Understanding Rebreathers

Early Halcyon Rebreather Testing


What is a rebreather? Divers considering use of the Halcyon RB80 should have a basic understanding of general rebreather function. Since rebreathers inherently increase the risk of any dive, individuals should first consider whether their activity justifies the use of a rebreather at all. Then divers should familiarize themselves with the general risk of rebreathers and the specific risks of the system under consideration. The following discussion outlines very broad principles of rebreathers along with Halcyon RB80 specifics. A rebreather is a device that captures and recirculates at least part of a diver's exhalation, thereby allowing the diver to rebreathe part of his previous breath. Since at least some of the exhalation is recirculated and rebreathed, gas duration is extended and overboard discharge is reduced. Therefore, a rebreather may be thought of as a gas extension device that simultaneously reduces bubble output. Divers should choose the simplest possible rebreather that meets safety and dive objective requirements. Increased complexity comes at the price of higher costs, more training requirements and more components that are subject to failure. Only after a risk/benefit analysis has been made in favor of the rebreather should it be used. Possible benefits include a genuine operational need for exhaust bubble reduction, extended duration requirements that cannot be met with open circuit equipment, increased thermal retention, and reduced dehydration.

Advantages

  • Additional time
  • Gas management/extension of available gas
  • Hydration
  • Heat
  • Lack of bubbles
  • Decompression efficiency

Disadvantages

  • Elevated risk
  • Additional complications
  • Additional effort

Common components of a rebreather (and how they function)

All rebreathers have a breathing loop or circuit whose characteristics help classify the type of unit. The extent to which the exhalation is contained in the circuit determines whether the rebreather has a fully closed circuit, semi-closed circuit, or open circuit. If the entire exhalation is retained in the loop or circuit, the rebreather is referred to as a Fully Closed Circuit Rebreather (CCR). If a portion of the exhalation is vented from the loop or circuit, the rebreather is referred to as Semi-Closed Circuit Rebreather (SCCR). Finally, if the entire exhalation is discharged into the environment and dumped overboard with each breath, as with scuba, the device is referred to as Open Circuit (OC). Regular dive gear is a prime example of "open circuit" scuba. Regardless of the circuit classification, all modern rebreathers share a few common features such as:
A mouthpiece connected by two hoses for inhalation and exhalation A carbon dioxide scrubber A means of adding supply gas A counterlung

1. Breathing Loop or Circuit Classifications

As the terms imply, a "breathing loop or circuit" is a pathway that allows at least some portion of a diver's exhalation to travel back around to the diver's mouth to be inhaled again. As seen in the simplified drawing, the loop consists of a mouthpiece, two hoses, and a counter lung. One hose is for inhalation, and the other for exhalation. One-way non-return valves are located on each side of the mouthpiece ensuring that gas only travels in one direction, and hence cannot bypass the carbon dioxide scrubber.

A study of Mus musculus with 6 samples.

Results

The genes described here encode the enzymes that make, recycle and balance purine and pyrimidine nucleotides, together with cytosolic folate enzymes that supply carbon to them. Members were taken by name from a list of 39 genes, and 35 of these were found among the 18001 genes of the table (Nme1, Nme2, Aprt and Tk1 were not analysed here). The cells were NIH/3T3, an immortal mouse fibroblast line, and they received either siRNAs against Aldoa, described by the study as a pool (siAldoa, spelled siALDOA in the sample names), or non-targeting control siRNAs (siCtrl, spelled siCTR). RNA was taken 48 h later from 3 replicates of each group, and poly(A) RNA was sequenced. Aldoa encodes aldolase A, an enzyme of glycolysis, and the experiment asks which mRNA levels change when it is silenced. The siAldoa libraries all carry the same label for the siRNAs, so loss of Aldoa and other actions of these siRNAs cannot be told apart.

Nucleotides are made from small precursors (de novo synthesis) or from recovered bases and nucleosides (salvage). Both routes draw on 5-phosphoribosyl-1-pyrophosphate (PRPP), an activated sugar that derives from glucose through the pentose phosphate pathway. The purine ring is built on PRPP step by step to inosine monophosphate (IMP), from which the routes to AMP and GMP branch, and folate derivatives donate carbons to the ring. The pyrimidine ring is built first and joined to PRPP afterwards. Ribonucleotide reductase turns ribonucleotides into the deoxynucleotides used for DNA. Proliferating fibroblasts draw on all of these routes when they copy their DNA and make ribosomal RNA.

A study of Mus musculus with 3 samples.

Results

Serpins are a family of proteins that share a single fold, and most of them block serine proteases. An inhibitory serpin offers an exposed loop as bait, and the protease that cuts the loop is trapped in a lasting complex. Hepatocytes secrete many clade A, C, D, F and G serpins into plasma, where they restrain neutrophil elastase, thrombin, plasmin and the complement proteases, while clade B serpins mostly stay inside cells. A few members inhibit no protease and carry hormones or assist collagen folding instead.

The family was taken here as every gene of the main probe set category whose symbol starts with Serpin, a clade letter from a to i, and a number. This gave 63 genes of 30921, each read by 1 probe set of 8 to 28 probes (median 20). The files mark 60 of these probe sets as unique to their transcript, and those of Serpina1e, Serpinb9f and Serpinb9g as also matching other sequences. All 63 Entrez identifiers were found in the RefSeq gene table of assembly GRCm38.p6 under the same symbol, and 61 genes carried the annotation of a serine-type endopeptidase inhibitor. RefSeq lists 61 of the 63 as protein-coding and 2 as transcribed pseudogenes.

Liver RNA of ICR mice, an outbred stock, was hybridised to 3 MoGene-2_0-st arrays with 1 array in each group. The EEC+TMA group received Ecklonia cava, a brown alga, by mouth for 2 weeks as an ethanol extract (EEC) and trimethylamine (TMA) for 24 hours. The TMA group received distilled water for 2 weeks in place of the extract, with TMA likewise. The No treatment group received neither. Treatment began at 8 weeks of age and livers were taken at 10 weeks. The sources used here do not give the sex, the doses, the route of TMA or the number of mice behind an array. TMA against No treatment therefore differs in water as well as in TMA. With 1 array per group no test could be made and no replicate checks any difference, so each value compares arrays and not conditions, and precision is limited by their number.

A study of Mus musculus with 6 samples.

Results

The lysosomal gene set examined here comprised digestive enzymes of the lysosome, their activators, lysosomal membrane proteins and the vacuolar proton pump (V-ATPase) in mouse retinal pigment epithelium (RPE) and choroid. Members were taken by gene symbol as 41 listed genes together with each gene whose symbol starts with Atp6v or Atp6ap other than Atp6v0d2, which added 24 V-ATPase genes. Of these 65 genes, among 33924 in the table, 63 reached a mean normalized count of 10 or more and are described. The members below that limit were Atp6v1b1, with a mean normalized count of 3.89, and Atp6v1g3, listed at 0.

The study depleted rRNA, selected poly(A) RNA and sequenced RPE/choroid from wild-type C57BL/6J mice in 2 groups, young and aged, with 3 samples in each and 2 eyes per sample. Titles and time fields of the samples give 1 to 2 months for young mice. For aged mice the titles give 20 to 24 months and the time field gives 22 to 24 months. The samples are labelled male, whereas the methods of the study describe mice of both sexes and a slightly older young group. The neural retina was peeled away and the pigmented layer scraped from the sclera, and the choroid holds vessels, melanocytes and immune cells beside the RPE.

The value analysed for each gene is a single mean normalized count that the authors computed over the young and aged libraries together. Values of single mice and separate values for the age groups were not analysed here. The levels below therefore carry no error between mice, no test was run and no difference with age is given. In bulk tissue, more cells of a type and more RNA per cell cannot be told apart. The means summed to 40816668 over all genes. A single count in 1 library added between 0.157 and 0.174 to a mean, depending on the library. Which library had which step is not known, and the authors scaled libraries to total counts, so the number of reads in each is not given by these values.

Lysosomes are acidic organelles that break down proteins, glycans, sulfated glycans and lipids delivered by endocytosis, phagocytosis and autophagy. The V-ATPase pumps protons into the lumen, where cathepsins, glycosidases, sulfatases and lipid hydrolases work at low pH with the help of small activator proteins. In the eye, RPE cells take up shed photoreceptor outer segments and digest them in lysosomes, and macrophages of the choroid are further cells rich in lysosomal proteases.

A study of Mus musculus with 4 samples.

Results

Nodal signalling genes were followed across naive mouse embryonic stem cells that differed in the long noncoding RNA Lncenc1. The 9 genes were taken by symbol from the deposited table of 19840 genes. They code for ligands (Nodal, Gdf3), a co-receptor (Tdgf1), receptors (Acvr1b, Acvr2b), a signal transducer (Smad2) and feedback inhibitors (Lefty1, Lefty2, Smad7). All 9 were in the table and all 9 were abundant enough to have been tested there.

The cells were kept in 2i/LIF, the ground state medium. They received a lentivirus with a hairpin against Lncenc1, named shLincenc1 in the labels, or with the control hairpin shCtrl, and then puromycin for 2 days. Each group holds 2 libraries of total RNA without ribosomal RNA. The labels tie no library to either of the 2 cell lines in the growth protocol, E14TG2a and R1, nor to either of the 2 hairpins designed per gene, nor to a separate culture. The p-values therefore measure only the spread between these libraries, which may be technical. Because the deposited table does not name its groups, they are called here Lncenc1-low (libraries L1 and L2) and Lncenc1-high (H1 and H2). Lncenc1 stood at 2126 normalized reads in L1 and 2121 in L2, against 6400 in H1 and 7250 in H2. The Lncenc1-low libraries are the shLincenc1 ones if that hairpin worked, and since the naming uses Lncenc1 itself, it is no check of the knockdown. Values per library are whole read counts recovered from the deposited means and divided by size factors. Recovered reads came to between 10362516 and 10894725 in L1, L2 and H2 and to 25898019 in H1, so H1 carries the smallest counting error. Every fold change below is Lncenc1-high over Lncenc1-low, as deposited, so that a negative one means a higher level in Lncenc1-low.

2. Carbon Dioxide (CO2) Scrubber

A rebreather eliminates CO2 build-up by directing exhaled gas through the loop to a scrubber, where it is neutralized. The scrubbed exhalation gas travels through the loop toward the mouthpiece, where supply gas is introduced. The method of supplying fresh gas to the rebreather is another means of classification and may be active or passive.

3. Active or Passive Gas Addition

Because a semi-closed circuit rebreather allows part of the exhalation to be discharged, supply gas must be added to make up the missing volume of gas that was discharged or metabolized by the diver. The most common method for adding supply gas is active addition; the second method is passive addition. While passive addition rebreathers, such as the Halcyon RB80, have many benefits over active addition rebreathers, they remain in the minority. If gas is continuously added to the loop, regardless of the diver's breathing rate, then the rebreather uses active addition. If, instead, supply gas is only added in relation to what is required by the diver's Respiratory Minute Volume (RMV) then it uses passive addition. Further description of passive addition systems will be covered in the specific description of the function of the RB80.

4. Counterlung

All rebreathers must have a counterlung of some type. The counterlung normally consists of two bags or bellows, one for discharge and one for inhalation. Of course shape, location, and design all have an impact on breathing resistance, just as counterlung placement impacts performance as the diver moves through the range of horizontal and vertical positions during a dive.